An evening of fine dining, staying at an igloo and going to jail in Tallinn

Never ignore an invitation for an evening stroll along the seaside in one of Europe’s fastest changing cities – Tallinn.

This applies even more so if your tour guide is no one less than the grande dame of companion animal veterinary medicine in Estonia – Tiina Toomet, my perennial host and occasional saviour whenever I am staying in the Estonian capital.

In the Baltic states Tiina is a household name because of her frequent television and radio appearances and because of her very popular books, describing her journey into veterinary medicine and her personal connection and experiences with her own pets and with memorable patients.

For me though the most impressive aspect of Tiina is her vast knowledge of her own city and her own country, of the dramatic transformation Estonia has gone through and her positive take on everything that is new and exciting, regardless if it is an innovation in veterinary medicine, a restaurant or a musical or cultural event. All of these are enjoyed and compared with history in mind and with a strong desire to live and enjoy life in the now.

Our evening stroll started at the stylishly re-developed marina of Port Noblessner. The place is featuring a lot of individually crafted appartments that look like an urban design competition where all the final entries have been build next to each other. Eye watering pricetags can safely be assumed I would think……

The old industrial units opposite of these appartments host offices for new start ups and some great examples of the fine dining revolution that is in full swing to challenge Copenhagen and Stockholm for their dominance in the Baltic region.

And this for a good reason – you might eat here cheaper and possibly better than in these Scandinavian capitals, even if you price in your flight and a night’s hotel accommodation.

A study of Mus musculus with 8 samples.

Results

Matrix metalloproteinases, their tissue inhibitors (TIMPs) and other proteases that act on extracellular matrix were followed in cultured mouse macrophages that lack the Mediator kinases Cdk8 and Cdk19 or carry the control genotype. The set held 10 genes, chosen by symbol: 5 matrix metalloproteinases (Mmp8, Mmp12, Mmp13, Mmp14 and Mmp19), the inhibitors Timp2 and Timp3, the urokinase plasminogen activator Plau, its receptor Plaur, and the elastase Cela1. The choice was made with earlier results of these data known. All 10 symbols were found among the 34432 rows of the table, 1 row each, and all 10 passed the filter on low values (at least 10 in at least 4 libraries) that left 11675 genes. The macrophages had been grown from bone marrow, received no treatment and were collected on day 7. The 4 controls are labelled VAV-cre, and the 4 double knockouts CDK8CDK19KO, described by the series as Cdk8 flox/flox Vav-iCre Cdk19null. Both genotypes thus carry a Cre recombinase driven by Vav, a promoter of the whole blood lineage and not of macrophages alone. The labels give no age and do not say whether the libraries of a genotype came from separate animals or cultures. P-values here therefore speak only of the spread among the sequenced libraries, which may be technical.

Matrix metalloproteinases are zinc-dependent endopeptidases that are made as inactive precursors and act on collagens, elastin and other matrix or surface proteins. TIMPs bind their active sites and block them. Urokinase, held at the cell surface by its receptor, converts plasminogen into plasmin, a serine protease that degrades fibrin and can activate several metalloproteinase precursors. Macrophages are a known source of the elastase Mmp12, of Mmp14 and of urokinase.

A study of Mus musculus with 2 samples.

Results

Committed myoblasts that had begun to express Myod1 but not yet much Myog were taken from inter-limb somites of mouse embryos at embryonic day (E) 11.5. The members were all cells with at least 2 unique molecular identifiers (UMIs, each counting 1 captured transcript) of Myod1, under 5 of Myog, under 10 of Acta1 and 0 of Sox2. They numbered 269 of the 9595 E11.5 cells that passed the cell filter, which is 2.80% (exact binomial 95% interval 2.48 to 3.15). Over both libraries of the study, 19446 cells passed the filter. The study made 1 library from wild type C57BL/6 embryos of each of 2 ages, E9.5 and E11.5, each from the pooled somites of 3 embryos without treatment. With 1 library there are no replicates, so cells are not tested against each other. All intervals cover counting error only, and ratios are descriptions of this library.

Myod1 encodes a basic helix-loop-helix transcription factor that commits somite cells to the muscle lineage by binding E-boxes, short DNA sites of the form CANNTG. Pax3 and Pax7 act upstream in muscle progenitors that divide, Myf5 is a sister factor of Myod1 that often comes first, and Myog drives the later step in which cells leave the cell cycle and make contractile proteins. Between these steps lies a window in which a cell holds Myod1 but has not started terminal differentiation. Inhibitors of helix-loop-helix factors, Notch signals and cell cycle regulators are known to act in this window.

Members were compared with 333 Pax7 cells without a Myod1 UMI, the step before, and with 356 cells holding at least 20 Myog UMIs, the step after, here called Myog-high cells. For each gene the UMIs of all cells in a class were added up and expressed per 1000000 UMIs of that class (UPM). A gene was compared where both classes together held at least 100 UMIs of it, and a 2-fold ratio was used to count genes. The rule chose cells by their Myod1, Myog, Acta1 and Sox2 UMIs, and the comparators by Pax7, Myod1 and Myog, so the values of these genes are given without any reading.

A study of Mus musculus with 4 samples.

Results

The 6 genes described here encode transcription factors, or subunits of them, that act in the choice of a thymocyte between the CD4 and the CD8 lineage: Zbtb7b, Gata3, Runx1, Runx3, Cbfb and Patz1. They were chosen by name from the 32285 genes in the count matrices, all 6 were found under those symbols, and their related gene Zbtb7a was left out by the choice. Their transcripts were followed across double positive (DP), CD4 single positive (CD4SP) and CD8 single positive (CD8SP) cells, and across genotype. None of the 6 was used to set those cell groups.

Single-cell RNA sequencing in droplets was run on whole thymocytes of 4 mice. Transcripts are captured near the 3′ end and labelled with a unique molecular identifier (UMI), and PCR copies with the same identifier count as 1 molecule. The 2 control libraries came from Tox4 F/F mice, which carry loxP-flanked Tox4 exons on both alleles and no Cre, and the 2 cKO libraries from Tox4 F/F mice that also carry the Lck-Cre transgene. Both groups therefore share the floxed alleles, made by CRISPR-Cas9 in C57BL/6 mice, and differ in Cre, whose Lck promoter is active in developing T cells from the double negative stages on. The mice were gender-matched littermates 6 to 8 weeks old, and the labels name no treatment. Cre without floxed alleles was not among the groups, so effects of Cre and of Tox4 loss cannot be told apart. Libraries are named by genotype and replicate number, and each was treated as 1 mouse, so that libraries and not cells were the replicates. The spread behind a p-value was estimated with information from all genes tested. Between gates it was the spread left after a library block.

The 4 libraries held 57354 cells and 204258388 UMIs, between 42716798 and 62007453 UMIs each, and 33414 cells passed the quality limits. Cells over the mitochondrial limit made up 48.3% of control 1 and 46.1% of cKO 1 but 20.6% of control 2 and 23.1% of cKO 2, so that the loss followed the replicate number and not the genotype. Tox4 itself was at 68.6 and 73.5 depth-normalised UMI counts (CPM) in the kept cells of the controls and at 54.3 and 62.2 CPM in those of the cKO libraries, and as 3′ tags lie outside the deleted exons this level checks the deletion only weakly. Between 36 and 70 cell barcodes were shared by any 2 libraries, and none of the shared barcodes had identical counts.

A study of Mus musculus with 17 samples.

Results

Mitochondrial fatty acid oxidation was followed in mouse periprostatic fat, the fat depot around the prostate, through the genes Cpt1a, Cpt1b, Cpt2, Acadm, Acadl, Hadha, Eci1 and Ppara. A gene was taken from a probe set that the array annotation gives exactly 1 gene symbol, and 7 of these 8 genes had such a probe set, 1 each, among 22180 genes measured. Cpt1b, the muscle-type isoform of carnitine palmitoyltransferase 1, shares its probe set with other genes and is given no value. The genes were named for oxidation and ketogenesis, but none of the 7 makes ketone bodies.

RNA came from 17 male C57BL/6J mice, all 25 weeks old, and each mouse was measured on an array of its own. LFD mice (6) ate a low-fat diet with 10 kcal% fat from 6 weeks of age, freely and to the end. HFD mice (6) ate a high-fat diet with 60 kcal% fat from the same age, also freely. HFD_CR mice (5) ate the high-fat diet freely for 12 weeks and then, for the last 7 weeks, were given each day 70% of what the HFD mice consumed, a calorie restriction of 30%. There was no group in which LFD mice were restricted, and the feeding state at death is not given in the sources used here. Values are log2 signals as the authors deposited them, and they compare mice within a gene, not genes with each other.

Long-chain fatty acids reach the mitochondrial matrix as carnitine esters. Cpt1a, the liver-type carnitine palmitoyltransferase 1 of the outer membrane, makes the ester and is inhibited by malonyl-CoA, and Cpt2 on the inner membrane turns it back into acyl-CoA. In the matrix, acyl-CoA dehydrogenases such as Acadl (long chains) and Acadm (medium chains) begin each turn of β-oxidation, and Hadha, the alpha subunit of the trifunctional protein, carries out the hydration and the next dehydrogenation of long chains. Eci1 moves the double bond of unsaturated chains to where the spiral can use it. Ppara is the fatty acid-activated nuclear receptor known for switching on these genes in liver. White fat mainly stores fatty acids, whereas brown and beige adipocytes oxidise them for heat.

A good example is Lore Bistroo where we found not only high end cooking but also a warm and very welcoming ambience, with even the dog being made comfortable.

Before now even trying to explain our food in detail, I suggest watching this great video of the Tallinn Travel Series (if you don’t have enough time for the whole video, just move forward to Dinner 5…..)

After tickling our taste buds and with a few glasses of Sauvignon Blanc in our blood streams, we carried on with our evening stroll and after just a few minutes found ourselves surrounded by a cluster of strange round shaped objects – Tallinn’s Iglupark.

Here you can rent just for hours or for days a truly unusual office space, a meeting room or a holiday cabin just by the sea side.

The centre of complex is an open air bar and while we were waiting for our next drinks, I noticed a naked man (ok….he was wearing a towel) twice my size standing next to me ……. so you could also rent the – in Estonia obligatory – sauna here in form of an igloo!…….

As having a sauna after so much food and wine wasn’t really an option for us, we left this polar setting and carried on to the next site, which was more familiar to me: Tallinn’s Sea Plane Harbour.

With a number of military and commercial shipping vessels being parked outside,

the place features one of the largest hangars in the world, which is now not only the home of the Estonian Maritime Museum , but it also houses an entire submarine !

Finally we arrived at the Patarei Sea Fortress – also known as Tallinn’s Central Prison. Having been used as such by the Soviets, during the German occupation and by the Estonian State until 2005, it now houses a spooky prison museum (apparently visitors were asked to go on a self guided tour without a guide or a map….) and I wouldn’t be surprised if this site will become the next historic building that will see a very Estonian transformation.

I can’t wait for another stroll along the sea front in Tallinn…..

Published by The Blue Vet

I am a veterinary surgeon with a German and Norwegian educational background. I have been the founder and for over 20 years I have been the senior veterinarian at the Virginia Water Veterinary Clinic in Surrey, England. When starting this blog I was also the President of FECAVA, the Federation of European Companion Animal Veterinary Associations. In the summer of 2019 I left my clinic to work as an international locum and clinical advisor. I am interested in all aspects of clinical companion animal medicine, in endurance sports and in traveling and meeting people with and without their pets and especially in sharing my knowledge with colleagues in other parts of Europe and the World.